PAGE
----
I was always told that in order to get a good job, I needed to get good grades. In order to get good grades, I had to attend school.
It was always a means to an end for me. Not fun, not boring, just there. Just existing. I floated through life with a grayish listlessness, doing little and saying less. I read books because I was expected to. I memorized my times tables because I had to.
Did I want to?
I don’t quite remember the day it happened. In amongst the ashy overlay, there was a light. It wasn’t very much, wasn’t very bright, since a little rectangle in the top right hand corner was turning red. In the sun, you couldn’t see that rectangle at all (had to increase the brightness). But despite it all, I was blinded.
It was incredible.
Years passed, and as I grew, my little technology rectangle grew with me. My home desktop became a personal laptop, and iPads and tablets began littering themselves around my home. But through it all, school was there, in its constant, grey, unchanging glory.
It was like a tsunami but I never saw it coming. Little by little, class by class, technology crept upon my world and took it by the hand. Khan Academy grew from a simple practice site to a trove of information. It was infinity, hope, and the faintest, growing echo of mad laughter. The feeling of having thousands of years of information, the collective sum of all the knowledge of our species, was intoxicating.
That summer, I spent hours a day on Khan Academy. There was this almost ravenous need for information. I use, and have used, technology to learn the things that school only touches on. Without it, I never would’ve learned about the types of bipolar disorder, nor the 12 battles of the isanzo river. As a result, it’s typical for me to enjoy classes that involve the use of technology.
It’s difficult to make a blanket statement, however. Maybe it’s just that I enjoy creative expression, and creative classes tend to involve technology (correlation, not causation). For instance, my all-time favorite subject is English and its videos, podcasts, and word processors. However, maybe that’s because I’m able to express myself using the written word. Meanwhile, I hold no love for geography despite our usage of ArcGIS, and the same goes for math and Desmos. Thus, it is likely that I enjoy those classes due to content, not technology use.
However, most occasions it is easier for me to learn the course content. Being a visual learner, Desmos has probably boosted my math mark by a couple percentages. Even though I don’t strictly speaking enjoy math/using Desmos, the combination of the two proves effective. It’s a similar situation with French and Reverso – using Reverso didn’t increase my love of the language, but it did help me learn in a way my French teachers couldn’t.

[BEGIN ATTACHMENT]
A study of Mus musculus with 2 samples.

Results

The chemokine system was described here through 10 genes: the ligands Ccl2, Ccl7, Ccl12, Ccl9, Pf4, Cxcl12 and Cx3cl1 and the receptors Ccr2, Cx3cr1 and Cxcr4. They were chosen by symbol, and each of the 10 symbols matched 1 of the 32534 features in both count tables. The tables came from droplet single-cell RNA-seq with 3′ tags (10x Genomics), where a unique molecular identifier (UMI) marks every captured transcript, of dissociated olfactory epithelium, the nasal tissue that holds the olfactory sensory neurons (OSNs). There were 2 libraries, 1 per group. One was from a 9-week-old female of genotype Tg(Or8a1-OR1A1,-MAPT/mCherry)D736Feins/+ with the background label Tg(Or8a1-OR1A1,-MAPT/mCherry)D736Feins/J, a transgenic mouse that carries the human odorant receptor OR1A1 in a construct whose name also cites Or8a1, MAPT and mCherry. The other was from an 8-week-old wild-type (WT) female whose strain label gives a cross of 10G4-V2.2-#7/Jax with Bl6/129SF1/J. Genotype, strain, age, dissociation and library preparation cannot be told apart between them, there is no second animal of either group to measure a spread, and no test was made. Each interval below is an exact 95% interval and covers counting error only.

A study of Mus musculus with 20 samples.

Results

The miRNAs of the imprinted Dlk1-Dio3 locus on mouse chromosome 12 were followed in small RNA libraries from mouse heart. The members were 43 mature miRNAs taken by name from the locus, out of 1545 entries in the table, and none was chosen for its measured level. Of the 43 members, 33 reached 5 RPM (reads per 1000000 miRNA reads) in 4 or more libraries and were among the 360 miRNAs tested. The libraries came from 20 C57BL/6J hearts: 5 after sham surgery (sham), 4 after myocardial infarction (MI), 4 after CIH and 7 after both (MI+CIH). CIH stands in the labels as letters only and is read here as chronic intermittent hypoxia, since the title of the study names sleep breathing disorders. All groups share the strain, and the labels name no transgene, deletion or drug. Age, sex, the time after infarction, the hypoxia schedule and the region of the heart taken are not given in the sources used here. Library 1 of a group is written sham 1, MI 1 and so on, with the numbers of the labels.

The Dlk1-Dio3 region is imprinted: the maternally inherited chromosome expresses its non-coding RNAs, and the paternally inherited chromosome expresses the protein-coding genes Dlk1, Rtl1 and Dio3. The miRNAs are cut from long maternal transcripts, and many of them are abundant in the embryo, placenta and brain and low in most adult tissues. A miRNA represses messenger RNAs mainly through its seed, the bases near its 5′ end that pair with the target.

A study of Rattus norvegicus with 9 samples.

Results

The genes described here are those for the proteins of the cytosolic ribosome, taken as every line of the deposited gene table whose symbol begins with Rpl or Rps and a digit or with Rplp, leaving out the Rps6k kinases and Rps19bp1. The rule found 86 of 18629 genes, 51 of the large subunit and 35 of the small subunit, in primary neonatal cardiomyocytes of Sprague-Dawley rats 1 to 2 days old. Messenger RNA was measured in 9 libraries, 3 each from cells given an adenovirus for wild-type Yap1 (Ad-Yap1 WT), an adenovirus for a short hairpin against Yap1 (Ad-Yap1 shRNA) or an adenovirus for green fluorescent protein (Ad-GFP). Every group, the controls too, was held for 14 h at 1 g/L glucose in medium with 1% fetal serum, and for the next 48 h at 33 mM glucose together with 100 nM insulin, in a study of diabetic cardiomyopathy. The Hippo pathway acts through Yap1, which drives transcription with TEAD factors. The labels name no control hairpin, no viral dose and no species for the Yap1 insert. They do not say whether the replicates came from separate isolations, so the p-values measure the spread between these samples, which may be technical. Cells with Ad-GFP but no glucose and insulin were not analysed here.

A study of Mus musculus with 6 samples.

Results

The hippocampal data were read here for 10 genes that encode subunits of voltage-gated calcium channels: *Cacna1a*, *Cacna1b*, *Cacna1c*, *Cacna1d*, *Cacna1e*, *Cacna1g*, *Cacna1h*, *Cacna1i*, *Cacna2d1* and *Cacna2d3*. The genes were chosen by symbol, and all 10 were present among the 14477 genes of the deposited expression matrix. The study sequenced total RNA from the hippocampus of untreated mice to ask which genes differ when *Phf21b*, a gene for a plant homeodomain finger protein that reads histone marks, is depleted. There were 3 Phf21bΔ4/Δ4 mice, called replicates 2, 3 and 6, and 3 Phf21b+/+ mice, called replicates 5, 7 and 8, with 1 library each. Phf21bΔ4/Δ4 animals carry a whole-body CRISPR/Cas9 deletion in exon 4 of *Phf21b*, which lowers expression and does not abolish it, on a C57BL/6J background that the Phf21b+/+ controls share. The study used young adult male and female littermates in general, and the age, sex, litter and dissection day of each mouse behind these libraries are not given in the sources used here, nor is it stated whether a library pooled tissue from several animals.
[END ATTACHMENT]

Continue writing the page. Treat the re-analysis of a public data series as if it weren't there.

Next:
Ultimately, technology usage in school matters to me only if used effectively. If not, it becomes more of a hindrance and in doing so lessens learning (and increases annoyance). For instance, the addition of video creation in a subject like math is not only irritating, but I find it isn’t a productive use of my math-learning time. I would be better off using the 6 hours I spent filming/editing the video to just do practice problems.
From a purely curriculum standpoint, I am relatively pleased with what I’ve been taught. School has made me literate, taught me numeracy, and fostered my communication. Depending on the teacher, my knowledge in the sciences are fairly well-rounded, although lacking in the arts department. I feel that I’m academically prepared for university, but I don’t feel mentally prepared nor do I feel that I was educated in the best way possible.
As one improvement, I’d like to see more teachers take advantage of Khan Academy. Often, I find the videos on Khan Academy to be more comprehensive and engaging. Simply creating an account on the website encourages learning, due to the gamification. Personally, I’ve found Khan Academy to be, on occasion, a more effective tool than school teachers.
I’m not suggesting the complete replacement of teachers – just supplementation. Subjects teachers don’t have time to cover can be if they just assign students to watch a video. The history videos especially provided me with a much more open mind, as Khan Academy covers events and cultures in pre-colonial America, South America, and Africa. I found it upsetting that we didn’t cover that in school, as our textbooks were extremely Eurocentric.
That fact is a symptom of a greater plague. The Canadian education system is riddled with flaws, which are underlined and bolded after in-depth studying of the Finnish version. We are taught to focus only on Canada and Europe even as globalization occurs around us. We are taught that excellence matters more than equity. We are taught that learning how to add vectors will enrich our lives more than learning how to learn.
The system is brutal, and the system is unforgiving. It doesn’t allow students to make mistakes – one missed question on an exam and your entire future grows dimmer. Instead of being instructed on how to learn and grow and move past mistakes, we are told not to make them. When they inevitably happen, we are told it is our fault. We didn’t study enough, we didn’t work hard enough, we weren’t good enough. Never are we explicitly told that it’s okay to make mistakes. Never are we explicitly told that we should place our own health above a number printed on a page.
School does not teach resiliency. It does not teach adaptability. It does not teach creativity, or compassion, or open-mindedness.
So no, I don’t believe that school is preparing me for my future outside of academics. Almost everything I’ve learned that will be of value in that department has been despite school, not because of it. And in my opinion, that is unacceptable.